The Vuelta a España’s lead changed hands for a third time in six days on Wednesday as Bahrain-Merida’s Dylan Teuns claimed his first-ever Grand Tour overall leader’s jersey at the end of a long breakaway.
Teuns was easily pipped to the line on stage 6 by Jesus Herrada (Cofidis) in a two-man duel at Ares de Maestrat’s grinding uphill finish.
But having left the only other GC dangerman, David de La Cruz (Team Ineos), behind with four kilometres to go, the 27-year-old Belgian was still able to wrest the lead from Astana’s Miguel Angel Lopez.
Second last year in the Vuelta’s Monte Oiz stage won by Michael Woods (EF Education First), this time round the Belgian’s second place on an uphill finish in the Spanish Grand Tour netted him a much bigger consolation prize.
It also reversed the result he achieved in the first week of the Tour de France in july, when Teuns won on the Planche des Belle Filles in another two-way battle against Trek-Segafredo’s Guilio Ciccone, but could not stop the Italian from taking the lead.
Teuns spell in la roja also shows he’s firmly moved past his freak summer accident this summer, when he fell off his garden lawnmower following the Tour de France and needed 15 stitches in a head wound.
“As you saw today in the race, I’m doing fine,” he told a Belgian reporter.
Previously, Teuns had agreed with journalists that his result in stage six of the Vuelta was the opposite to the Tour.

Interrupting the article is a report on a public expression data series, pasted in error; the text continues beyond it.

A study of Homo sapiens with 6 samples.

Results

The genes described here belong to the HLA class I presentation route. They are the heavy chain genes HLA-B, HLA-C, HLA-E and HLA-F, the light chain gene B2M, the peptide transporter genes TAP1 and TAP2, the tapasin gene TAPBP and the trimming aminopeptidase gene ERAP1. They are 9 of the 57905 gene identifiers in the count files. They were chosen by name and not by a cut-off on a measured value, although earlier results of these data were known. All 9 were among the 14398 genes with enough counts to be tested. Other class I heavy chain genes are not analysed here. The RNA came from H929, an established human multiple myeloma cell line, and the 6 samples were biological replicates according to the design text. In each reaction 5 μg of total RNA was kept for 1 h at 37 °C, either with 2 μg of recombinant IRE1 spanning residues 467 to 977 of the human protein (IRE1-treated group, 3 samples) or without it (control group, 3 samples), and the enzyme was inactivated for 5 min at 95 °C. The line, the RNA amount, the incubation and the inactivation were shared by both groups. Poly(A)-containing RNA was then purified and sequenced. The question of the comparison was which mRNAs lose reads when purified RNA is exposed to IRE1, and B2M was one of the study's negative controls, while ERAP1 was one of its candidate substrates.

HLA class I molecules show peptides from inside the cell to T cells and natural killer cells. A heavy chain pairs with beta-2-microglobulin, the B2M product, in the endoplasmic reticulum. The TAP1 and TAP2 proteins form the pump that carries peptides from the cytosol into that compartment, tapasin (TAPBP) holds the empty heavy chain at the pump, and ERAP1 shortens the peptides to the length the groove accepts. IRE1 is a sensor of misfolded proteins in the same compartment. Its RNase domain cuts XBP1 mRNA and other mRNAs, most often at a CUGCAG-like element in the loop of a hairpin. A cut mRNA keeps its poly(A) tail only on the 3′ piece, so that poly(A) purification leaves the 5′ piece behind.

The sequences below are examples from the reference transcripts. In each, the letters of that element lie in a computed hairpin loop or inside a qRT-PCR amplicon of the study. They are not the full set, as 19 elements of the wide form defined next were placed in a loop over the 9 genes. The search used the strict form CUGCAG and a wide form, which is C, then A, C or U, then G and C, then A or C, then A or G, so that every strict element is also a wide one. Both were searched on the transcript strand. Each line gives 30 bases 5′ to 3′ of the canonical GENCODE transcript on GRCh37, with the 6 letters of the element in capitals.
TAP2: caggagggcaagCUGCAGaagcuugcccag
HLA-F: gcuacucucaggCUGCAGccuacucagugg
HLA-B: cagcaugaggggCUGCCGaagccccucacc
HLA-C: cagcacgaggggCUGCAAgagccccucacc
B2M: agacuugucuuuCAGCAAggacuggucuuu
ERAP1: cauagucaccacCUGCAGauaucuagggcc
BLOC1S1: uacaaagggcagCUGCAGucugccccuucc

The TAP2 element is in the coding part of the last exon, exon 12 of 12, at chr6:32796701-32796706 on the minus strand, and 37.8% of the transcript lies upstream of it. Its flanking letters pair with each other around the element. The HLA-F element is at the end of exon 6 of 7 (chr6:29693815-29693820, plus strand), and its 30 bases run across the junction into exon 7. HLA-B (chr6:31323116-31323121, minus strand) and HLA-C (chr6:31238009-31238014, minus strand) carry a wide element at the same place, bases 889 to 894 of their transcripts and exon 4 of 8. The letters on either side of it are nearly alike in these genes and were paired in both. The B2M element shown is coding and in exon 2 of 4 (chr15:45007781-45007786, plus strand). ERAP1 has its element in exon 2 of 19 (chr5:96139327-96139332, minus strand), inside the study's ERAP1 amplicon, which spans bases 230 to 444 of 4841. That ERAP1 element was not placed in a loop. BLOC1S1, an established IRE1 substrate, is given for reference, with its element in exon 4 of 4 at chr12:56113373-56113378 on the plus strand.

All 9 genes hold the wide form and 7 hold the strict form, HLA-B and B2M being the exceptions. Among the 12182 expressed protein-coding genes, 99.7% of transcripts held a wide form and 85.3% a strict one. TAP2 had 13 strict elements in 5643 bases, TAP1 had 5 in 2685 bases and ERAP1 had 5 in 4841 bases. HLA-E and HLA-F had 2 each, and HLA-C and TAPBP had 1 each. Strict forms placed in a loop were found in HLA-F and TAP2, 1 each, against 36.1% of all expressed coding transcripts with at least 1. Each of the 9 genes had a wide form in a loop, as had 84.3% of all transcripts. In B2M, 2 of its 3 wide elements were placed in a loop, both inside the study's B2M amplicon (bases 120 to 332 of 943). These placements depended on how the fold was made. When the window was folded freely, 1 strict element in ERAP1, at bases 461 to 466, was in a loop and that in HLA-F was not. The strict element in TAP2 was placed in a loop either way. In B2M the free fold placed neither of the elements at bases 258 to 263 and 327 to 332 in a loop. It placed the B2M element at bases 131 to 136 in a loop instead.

“But I knew that today I could be up there for the jersey,” he said. “Of course I was racing for stage win, but in the final climb I went full gas from half-way up. I’m just unlucky that one guy was strong enough to follow me, and he played it very smart in the last kilometre.”
Teuns’ breakthrough result as a pro came when he placed third in Fleche Wallonne in 2017, and apart from his mano-a-mano with Woods last year in the Vuelta’s Monte Oiz, he also won the Tour de Pologne two years back in large part thanks to his ability to fly up the ultra-steep stage finish at Szcyrk.
All of which begs the question as to whether a leader like Teuns, with theoretically limited longterm GC ambitions, could, in fact, hold onto the jersey on the 21 percent slopes that the Vuelta riders will tackle on Friday’s dauntingly hard ascent of Mas de la Costa.
“We will have to see. I still need to look at the final climb,” Teuns said. “I know it’s pretty hard and steep, but we saw yesterday [on stage 5] the GC riders here are really strong. I will give it everything.”
In terms of his overall career, Teuns sees his spell in the Vuelta lead as a sign of his overall progression.
“I’ve been improving steadily for the last two years, and I’m pretty sure I can do more in the future, too.”